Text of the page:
As baseball fans in The Bronx fondly remember, Pedro Martinez once spontaneously remarked that he must tip his hat and call the Yankees “my daddy.” But on July 26, which happens to be Fathers Day in the Dominican Republic, Martinez was officially inducted in the game’s Hall of Fame, the first Latino to be honored since Roberto Alomar in 2011. So now, Pedro, it’s our turn to tip our hats to you. And for every daddy in the D.R., you have given a gift that will long be remembered.
I watched in amazement as Martinez, the final speaker in this year’s class, never seemed out of his element as he dazzled the crowd with an inspirational speech in both English and Spanish. Then for an encore, Pedro summoned Juan Marichal to the podium and the pair waved the Dominican flag in a display of patriotism. It had been 32 years since Marichal, 77, had been elected to the Cooperstown fraternity, and Pedro admitted it was a change in protocol to bring one of his mentors on stage. Perhaps that’s true, although neither legend could be blamed for seizing the moment.
To be honest, I was never a die-hard follower of Pedro Martinez. I thought he was a bit too cocky, seemingly all over himself and causing trouble. Admittedly, I was ticked off when Martinez threw 70-year-old Don Zimmer to the ground during the infamous brawl that took place between the Yankees and Red Sox during the 2003 ALCS. I was later able to forgive and forget, but I’m not sure about Tim McCarver, who expressed his dismay in the Fox broadcast booth.
Pedro Martinez compiled some incredible numbers during his 18 year career, stats that couldn’t be ignored even though he was generally disliked by the media. What impressed me most about Martinez, however, was his ability to set up hitters. Never afraid to pitch inside, he would use pinpoint control to bust a batter off the plate and then paint the outside corner. It almost wasn’t fair. While the fastball and slider were excellent, Pedro would rely a lot on a filthy circle change later on in his career, using courage and cunning to create outs. That’s why it upset me the other day when former ESPN radio personality Colin Cowherd made an absurd statement on the air that sped up his eventual dismissal.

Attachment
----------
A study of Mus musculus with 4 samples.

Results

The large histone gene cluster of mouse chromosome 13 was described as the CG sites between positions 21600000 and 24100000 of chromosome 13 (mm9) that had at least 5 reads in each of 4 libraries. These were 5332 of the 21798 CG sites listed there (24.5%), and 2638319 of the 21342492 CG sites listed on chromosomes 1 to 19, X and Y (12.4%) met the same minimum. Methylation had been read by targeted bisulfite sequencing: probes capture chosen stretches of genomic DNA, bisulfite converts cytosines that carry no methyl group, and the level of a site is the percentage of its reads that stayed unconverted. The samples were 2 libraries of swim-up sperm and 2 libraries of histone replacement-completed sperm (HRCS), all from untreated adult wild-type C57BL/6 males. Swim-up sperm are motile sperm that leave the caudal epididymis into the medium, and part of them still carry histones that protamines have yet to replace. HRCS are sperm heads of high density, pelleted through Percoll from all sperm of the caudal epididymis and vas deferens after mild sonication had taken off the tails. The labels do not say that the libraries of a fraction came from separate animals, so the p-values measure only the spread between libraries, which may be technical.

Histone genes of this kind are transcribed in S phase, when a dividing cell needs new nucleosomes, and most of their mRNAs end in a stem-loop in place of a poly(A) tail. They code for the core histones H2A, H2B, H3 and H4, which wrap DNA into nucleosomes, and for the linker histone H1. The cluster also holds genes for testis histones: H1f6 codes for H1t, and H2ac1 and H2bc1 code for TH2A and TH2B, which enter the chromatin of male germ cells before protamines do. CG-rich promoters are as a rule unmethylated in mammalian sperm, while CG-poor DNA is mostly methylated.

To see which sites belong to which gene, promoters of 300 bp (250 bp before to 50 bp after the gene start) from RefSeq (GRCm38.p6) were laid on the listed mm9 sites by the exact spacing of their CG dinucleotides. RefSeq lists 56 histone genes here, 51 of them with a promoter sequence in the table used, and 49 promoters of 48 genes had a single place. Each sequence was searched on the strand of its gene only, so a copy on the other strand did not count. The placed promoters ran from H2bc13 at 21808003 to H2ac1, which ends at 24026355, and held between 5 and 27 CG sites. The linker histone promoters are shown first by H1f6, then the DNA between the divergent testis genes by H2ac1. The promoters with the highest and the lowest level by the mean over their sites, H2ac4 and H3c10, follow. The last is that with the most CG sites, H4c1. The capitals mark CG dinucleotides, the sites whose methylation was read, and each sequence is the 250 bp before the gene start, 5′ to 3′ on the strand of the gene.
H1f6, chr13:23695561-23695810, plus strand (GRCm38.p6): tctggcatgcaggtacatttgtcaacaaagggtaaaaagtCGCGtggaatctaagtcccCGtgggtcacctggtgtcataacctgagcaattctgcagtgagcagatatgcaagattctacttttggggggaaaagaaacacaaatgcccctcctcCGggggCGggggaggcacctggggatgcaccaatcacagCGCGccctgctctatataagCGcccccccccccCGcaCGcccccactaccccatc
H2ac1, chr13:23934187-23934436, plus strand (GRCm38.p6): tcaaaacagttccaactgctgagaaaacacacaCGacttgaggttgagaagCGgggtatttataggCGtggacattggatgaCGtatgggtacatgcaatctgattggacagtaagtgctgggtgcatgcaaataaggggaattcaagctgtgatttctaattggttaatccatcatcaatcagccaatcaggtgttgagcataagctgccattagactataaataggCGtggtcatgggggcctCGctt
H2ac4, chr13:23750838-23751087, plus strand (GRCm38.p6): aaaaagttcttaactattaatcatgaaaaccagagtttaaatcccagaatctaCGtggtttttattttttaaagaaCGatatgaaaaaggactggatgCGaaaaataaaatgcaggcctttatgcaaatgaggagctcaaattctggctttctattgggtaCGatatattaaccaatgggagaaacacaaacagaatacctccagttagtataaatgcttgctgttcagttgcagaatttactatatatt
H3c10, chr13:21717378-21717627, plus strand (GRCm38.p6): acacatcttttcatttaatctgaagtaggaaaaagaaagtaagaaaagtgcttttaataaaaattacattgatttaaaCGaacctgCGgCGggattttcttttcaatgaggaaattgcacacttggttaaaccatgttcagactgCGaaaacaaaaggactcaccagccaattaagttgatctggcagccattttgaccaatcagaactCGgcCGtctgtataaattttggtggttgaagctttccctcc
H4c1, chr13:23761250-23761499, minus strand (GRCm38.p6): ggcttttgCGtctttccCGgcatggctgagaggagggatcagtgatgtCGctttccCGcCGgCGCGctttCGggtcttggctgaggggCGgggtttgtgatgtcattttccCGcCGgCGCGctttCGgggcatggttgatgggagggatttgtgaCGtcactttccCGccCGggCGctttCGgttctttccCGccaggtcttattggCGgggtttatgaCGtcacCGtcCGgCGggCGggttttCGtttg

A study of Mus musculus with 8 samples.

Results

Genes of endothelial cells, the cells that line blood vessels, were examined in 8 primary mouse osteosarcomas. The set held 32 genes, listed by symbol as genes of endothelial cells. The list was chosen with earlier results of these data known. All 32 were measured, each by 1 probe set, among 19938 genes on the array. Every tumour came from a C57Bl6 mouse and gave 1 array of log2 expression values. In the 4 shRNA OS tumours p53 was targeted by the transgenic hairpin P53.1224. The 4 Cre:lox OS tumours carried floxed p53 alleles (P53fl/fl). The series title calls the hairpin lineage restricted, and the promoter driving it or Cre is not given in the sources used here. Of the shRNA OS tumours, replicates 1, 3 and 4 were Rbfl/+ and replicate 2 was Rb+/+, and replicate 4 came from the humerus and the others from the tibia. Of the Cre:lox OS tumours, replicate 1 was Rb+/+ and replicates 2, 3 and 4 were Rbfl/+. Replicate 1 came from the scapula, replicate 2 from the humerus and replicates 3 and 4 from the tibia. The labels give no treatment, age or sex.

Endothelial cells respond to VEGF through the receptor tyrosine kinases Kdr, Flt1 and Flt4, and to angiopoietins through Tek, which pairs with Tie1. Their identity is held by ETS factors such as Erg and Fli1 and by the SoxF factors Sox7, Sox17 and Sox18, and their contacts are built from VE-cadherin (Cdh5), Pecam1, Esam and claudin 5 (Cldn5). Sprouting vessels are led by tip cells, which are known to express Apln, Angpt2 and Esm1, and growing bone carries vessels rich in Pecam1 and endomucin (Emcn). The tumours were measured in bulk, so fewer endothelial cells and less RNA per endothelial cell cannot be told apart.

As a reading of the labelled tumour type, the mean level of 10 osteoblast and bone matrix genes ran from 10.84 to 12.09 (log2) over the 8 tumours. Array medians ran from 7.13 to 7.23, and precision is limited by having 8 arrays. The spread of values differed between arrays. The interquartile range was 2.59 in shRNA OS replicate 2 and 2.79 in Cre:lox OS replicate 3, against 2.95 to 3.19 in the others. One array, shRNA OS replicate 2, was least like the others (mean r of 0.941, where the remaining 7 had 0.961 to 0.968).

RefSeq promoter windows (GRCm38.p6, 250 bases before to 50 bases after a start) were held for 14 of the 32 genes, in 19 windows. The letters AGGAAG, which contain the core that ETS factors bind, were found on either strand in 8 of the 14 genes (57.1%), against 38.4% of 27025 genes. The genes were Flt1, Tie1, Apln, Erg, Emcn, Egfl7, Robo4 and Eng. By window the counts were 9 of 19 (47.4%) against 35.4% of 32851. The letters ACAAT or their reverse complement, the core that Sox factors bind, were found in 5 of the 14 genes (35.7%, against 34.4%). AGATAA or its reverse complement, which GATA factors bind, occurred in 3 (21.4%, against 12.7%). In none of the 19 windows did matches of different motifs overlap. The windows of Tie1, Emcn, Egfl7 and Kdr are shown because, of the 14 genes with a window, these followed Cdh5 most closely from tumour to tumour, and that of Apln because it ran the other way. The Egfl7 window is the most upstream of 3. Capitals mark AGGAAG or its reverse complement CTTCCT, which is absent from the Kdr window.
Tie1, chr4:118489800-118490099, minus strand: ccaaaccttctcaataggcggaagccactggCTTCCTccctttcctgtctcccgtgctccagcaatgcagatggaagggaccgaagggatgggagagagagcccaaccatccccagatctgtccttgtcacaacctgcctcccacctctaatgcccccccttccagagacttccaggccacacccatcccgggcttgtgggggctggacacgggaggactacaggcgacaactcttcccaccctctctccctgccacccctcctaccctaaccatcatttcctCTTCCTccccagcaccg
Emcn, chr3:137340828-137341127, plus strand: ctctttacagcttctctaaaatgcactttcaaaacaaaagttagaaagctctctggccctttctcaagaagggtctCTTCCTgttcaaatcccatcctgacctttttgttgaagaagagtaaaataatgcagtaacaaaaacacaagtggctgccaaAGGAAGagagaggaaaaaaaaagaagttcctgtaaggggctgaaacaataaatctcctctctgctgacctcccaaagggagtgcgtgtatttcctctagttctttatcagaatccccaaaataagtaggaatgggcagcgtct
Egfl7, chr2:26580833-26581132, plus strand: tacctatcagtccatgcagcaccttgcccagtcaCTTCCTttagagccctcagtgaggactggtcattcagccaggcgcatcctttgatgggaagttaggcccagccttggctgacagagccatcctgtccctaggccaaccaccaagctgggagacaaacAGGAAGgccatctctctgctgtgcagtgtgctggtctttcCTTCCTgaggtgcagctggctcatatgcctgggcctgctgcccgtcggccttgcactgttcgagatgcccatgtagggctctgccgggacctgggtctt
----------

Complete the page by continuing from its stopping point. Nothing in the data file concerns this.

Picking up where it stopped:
“I never bought into that baseball is too complex,” Cowherd popped off. “Really? A third of the sport is from the Dominican Republic.”
While this fool was obviously stereotyping, Martinez took exception and had the perfect retort when asked to comment.
“I’m sorry. He needs to get to my level to answer him,” said Pedro sarcastically. “I’m in the Hall of Fame.”
Another thing that bothers me is the increasing presence of discrimination in the Spanish-speaking countries of our region. Henry Louis Gates Jr., a Harvard professor and a cultural expert of sorts in our hemisphere, says that “color categories are on steroids in Latin America.” He has written several essays on the subject and says that prejudice is a growing problem in Mexico, Colombia, Venezuela, Cuba and the Dominican Republic, with the latter three nations leading the ugly parade. I can tell you that such observations are no joke because, as a former scout in the region, I’ve seen this type of behavior with my own eyes. The Dominican administration of Danilo Medina Sanchez denies these allegations, of course, and a wildly cheering government delegation was present at the Cooperstown ceremonies. So I will simply say that baseball’s ultimate achievement has been bestowed on Pedro Martinez, who is black, and that has to be a huge lift for talented prospects on the island who look up to this man as their hero.
Indeed, Martinez mentioned during his speech that he wanted to be a symbol of pride and hope for young Dominican players. And Marichal, who won 20 or more games six times with the San Francisco Giants, said he was glad to finally have company in Cooperstown.
“It’s been too long,” says the high-kicking right-hander regarding the recognition of Dominican players. “Maybe in a couple of years, we’ll get some more.”
I believe that will happen, at least when it comes to Hispanic players in general. I think it’s a shame that Mexico’s Fernando Valenzuela has been overlooked, as well as Venezuela’s Andres Galarraga and Davey Concepcion from the Big Red Machine. I don’t know if Vladimir Guerrero or Puerto Rico’s Ivan Rodriguez will ever get the call, although they are definitely deserving. But you can bet that Omar Vizquel and Mariano Rivera are no-brainers to be enshrined, and when the current generation of greats like Albert Pujols, Yadier Molina and Miguel Cabrera decide to retire, the domino effect will begin.
I know that kind of progress will please Pedro Martinez because,
despite being a Dominican patriot, he is keenly aware that his fame now belongs to all of Latin America to savor.